Impact of Galena flooding seen all over town

GALENA — Residents gradually are returning to the town of Galena, which was flooded in May by the Yukon River, and signs of the deluge are everywhere.


Despite progress, lakes still cover the baseball fields and other spots around the town of about 450 people. Towers of debris await disposal in furnaces, and a bumper crop of mosquitoes has hatched, The Fairbanks Daily News-Miner reported.

Electricity and cellphone service is available throughout the community, but water and sewer service is accessible only behind the levee surrounding Galena’s former Air Force station, the one part of town that stayed dry in the flood.

Most Galena residents evacuated during the flood. More than 100 of them are living in the dormitory of the Galena Interior Learning Academy, said Chad Fullner, with the Alaska Department of Homeland Security and Emergency Management’s response team. Also in the dorms are 54 workers from outside the village.

A group of mostly engineering students from Santa Clara University in California arrived Tuesday and is camped out on the lawn behind the dormitory. The students had been scheduled to come to Galena to assess energy costs. After the flood, they were invited to come and help assess damage.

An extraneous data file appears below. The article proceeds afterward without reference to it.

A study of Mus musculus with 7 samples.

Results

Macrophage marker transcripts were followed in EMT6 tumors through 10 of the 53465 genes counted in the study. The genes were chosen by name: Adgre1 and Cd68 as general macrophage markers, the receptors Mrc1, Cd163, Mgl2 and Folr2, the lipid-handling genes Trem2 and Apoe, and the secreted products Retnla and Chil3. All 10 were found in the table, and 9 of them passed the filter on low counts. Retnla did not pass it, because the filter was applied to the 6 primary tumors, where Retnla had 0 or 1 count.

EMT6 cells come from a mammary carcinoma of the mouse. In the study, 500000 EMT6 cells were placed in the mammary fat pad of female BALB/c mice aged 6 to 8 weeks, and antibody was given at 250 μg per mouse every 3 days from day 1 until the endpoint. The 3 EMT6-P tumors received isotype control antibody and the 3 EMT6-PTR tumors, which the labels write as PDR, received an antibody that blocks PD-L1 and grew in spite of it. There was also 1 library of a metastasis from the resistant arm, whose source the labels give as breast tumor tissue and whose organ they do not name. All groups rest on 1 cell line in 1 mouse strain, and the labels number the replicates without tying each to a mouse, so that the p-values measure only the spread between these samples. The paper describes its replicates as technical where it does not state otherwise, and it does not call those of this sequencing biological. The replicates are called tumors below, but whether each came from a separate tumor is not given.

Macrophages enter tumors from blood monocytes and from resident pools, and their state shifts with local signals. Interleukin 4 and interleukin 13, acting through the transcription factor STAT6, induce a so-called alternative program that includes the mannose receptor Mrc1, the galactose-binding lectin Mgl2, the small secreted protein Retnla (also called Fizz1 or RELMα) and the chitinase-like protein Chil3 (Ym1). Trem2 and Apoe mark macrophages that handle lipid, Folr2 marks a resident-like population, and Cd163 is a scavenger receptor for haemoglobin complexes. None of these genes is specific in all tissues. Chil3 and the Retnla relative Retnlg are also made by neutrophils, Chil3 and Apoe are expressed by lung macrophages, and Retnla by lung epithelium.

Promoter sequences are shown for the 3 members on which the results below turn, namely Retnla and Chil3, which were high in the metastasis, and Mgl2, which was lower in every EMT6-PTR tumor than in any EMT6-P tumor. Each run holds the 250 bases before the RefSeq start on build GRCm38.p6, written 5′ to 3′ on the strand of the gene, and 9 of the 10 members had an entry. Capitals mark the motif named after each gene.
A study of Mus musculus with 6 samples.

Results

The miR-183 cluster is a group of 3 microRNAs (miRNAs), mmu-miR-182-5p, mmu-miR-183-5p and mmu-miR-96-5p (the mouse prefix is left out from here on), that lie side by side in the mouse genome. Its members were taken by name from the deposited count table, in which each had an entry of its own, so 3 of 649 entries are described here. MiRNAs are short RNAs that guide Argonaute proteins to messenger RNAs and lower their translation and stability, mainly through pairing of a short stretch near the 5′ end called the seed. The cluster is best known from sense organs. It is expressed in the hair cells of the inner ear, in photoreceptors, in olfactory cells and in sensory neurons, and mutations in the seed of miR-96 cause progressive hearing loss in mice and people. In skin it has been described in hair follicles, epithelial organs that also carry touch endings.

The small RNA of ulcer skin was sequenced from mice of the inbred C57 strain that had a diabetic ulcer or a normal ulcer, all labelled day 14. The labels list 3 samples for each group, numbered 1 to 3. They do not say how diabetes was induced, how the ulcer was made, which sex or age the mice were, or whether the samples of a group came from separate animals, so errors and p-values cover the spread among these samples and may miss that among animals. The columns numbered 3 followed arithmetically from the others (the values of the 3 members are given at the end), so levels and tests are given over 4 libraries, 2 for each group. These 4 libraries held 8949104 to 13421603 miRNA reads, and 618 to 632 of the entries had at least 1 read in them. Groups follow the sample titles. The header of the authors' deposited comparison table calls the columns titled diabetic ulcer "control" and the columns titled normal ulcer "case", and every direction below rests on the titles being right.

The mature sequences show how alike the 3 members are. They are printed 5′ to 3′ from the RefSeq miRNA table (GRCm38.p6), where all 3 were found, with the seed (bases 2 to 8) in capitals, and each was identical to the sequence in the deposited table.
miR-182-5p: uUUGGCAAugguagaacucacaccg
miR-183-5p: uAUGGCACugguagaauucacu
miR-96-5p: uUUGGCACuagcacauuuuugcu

Galena resident Victor Marshall loaded debris into an incinerator one day last week. The incinerators had burned 71 loads in the past 10 days, and a tower of debris remained to be burned. Marshall has seen plenty of ruined furniture he recognizes, including a set of desks from the health clinic that were in the pile waiting for incineration.

“I’m having my crew get rid of all the metal because that’s the biggest problem with this thing,” he said. “It gets too hot with metal. We found that out the hard way.”

The incinerator burns for 12 hours per day. It’s important to the cleanup effort because the quantity of debris exceeds the capacity of trucks to haul it out of town to the village dump. The dump was inaccessible because of a washed-out road in the days after the flood.

It was closed for another 48 hours this week while a crew moved part of the narrow dirt path farther way from the river bank.

Like 90 percent of the buildings in Galena, Marshall’s house was damaged in the flood. He’s now living on the home’s second story while working on drying out the first floor. He also owns the Yukon Inn, Galena’s only bar and restaurant. The restaurant is in old town, the worst-hit section of Galena, and Marshall was not optimistic about reopening it in the near future.

“The bar I’m just staying away from because that was all the way under,” he said. “I don’t know how that’s going to work. I’ve got to start over on that.”